ARB Research Seminar

This page updated July 3, 2017

Potential to Build Current Natural Gas Infrastructure to accommodate the Future Conversion of Near-Zero Transportation Technology

Photo of Amy Myers Jaffe

Amy Myers Jaffe

Photo of Joan Ogden

Joan Ogden

Amy Myers Jaffe, M.S., Executive Director, Energy and Sustainability, University of California, Davis and Senior Advisor, Office of the Chief Investment Officer, University of California Regents; Joan Ogden, Ph.D., Professor Environmental Science and Director of Sustainable Transportation Energy Pathways Program, University of California, Davis.

July 18, 2017
Cal EPA Headquarters, 1001 "I" Street, Sacramento, CA

Research Project


The Low Carbon Fuels Standard (LCFS) provides time for the development of advanced, near-zero technologies. However, having infrastructure already in place to deliver alternative fuels to fleets, once more alternative fuels are already in place, will ease the future transition to zero or near-zero transportation technology (e.g. biofuels, electric and fuel cell technology). This project aimed to complement ARB's on-going work on technology assessment by exploring how the near-term development of natural gas infrastructure, in the heavy-duty transportation sector, can be implemented to include technology that can best facilitate the long-term conversion to near-zero technology.

The researchers found that infrastructure requirements for natural gas and renewable natural gas (RNG) have many synergies. Fossil natural gas network investors can benefit from receiving carbon credits by blending RNG into their fossil based natural gas fuel while RNG investors can save costs by piggy backing on existing fossil natural gas infrastructure. In contrast, the production of hydrogen with truck or hydrogen pipeline delivery would have minimal overlap with the existing natural gas distribution and refueling systems.

The analysis considers three possible natural gas pathways (CNG, conventional LNG, and onsite LNG) and five hydrogen (H₂) fuel pathways (on site, central H₂ delivered by truck, central H₂ delivered by pipeline, central H₂ blended and separated, central H₂ blended but not separated). H₂ stations with onsite steam methane reforming or H₂/natural gas blends delivered by natural gas pipeline, do have some potential overlap with natural gas distribution and refueling systems, but the majority of storage and refueling equipment are not compatible for both H₂ and natural gas due to the fact that H₂ is stored at higher pressures (require different compressor designs) and requires special materials. The timing for the likely build-out for hydrogen stations serving new, H₂-ready trucks and buses will be a decade or more later than the current expansion of the fossil natural gas and RNG networks, limiting the potential for synergies for overlapping infrastructure for commercial fleets. Natural gas fueling infrastructure built today will need to be refurbished or replaced within 15 years, while H₂ networks are likely to only reach wide scale adoption in that timeframe. The analysis shows that certain port and urban locations will favor renewable natural gas resources initially, but may be able to link to H₂ supply chains in the longer term.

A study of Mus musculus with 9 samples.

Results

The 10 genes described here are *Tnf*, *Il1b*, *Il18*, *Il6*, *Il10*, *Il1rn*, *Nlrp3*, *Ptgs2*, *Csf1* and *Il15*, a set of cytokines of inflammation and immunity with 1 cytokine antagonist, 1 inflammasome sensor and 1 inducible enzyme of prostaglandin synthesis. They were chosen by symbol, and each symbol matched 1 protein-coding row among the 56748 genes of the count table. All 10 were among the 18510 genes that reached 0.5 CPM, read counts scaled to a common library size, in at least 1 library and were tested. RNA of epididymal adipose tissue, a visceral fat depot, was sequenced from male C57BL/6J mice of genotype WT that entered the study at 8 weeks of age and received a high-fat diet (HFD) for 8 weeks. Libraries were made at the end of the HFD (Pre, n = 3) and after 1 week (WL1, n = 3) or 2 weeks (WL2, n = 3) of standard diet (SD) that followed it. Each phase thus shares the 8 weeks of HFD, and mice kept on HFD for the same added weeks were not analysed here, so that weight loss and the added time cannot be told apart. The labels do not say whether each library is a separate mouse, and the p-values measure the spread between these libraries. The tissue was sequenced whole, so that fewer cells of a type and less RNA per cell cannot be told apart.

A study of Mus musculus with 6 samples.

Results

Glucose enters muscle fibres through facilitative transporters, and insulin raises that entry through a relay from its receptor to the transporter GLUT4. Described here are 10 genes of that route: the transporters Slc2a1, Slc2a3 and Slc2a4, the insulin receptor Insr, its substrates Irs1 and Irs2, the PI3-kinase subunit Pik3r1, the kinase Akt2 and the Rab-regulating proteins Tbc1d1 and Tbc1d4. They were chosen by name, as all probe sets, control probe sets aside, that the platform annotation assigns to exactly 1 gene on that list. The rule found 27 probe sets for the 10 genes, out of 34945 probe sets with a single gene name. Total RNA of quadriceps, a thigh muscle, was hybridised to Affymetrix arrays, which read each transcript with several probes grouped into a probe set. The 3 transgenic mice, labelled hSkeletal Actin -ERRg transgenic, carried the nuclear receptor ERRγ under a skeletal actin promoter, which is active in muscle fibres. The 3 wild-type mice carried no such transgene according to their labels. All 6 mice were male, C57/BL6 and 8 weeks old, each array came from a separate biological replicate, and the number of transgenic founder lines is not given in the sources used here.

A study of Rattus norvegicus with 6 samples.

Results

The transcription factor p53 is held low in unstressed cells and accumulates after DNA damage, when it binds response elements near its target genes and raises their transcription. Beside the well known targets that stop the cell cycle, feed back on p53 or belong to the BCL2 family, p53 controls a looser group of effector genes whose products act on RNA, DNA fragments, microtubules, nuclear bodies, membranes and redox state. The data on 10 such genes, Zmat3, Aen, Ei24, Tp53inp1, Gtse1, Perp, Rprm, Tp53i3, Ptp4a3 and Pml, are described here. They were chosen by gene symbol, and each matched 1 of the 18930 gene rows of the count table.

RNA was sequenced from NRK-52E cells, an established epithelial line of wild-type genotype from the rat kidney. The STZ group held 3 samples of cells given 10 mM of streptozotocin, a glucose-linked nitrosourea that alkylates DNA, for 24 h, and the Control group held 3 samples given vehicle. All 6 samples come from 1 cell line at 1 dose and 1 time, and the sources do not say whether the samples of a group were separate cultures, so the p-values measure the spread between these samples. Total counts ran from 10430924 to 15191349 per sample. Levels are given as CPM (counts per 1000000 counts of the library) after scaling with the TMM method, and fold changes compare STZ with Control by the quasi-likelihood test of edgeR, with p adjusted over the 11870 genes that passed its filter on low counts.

Speaker Biography

Amy Myers Jaffe, M.S., is Executive Director for Energy and Sustainability at the University of California, Davis and Senior Advisor on energy and sustainability at the Office of the Chief Investment Officer, University of California Regents. Ms. Jaffe is a leading expert on global energy policy, geopolitical risk, and energy and sustainability. Her research focuses on scenarios for peak oil demand and stranded assets; Low carbon fuels including renewable natural gas, biofuels and hydrogen pathways for freight, and California refining and competition with sustainable fuels. Jaffe is widely published, including as co-author of "Oil, Dollars, Debt and Crises: The Global Curse of Black Gold" with Mahmoud El-Gamal and co-editor of "Natural Gas and Geopolitics From 1970 to 2040." Ms. Jaffe currently serves as a member of California's Petroleum Marketing Advisory Committee, the US National Petroleum Council, and served as chair of the Global Agenda Council on the Future of Oil and Gas with the World Economic Forum (Davos).

Joan M. Ogden, Ph.D., is Professor of Environmental Science and founding Director of the Sustainable Transportation Energy Pathways Program at the University of California, Davis. Prior to joining UC Davis in 2003, Dr. Ogden was a research scientist at Princeton University's Environmental Institute. Dr. Ogden's primary research interest is techno-economic assessment of low carbon energy technologies, especially alternative fuels, hydrogen, fuel cells and renewable energy. Her recent work centers on hydrogen infrastructure strategies, and applications of fuel cell technology in transportation and stationary power. Professor Ogden has served on high level committees advising clean energy policies in California, the US and internationally. She holds a BS in mathematics from the University of Illinois, and a Ph.D. in theoretical physics from the University of Maryland.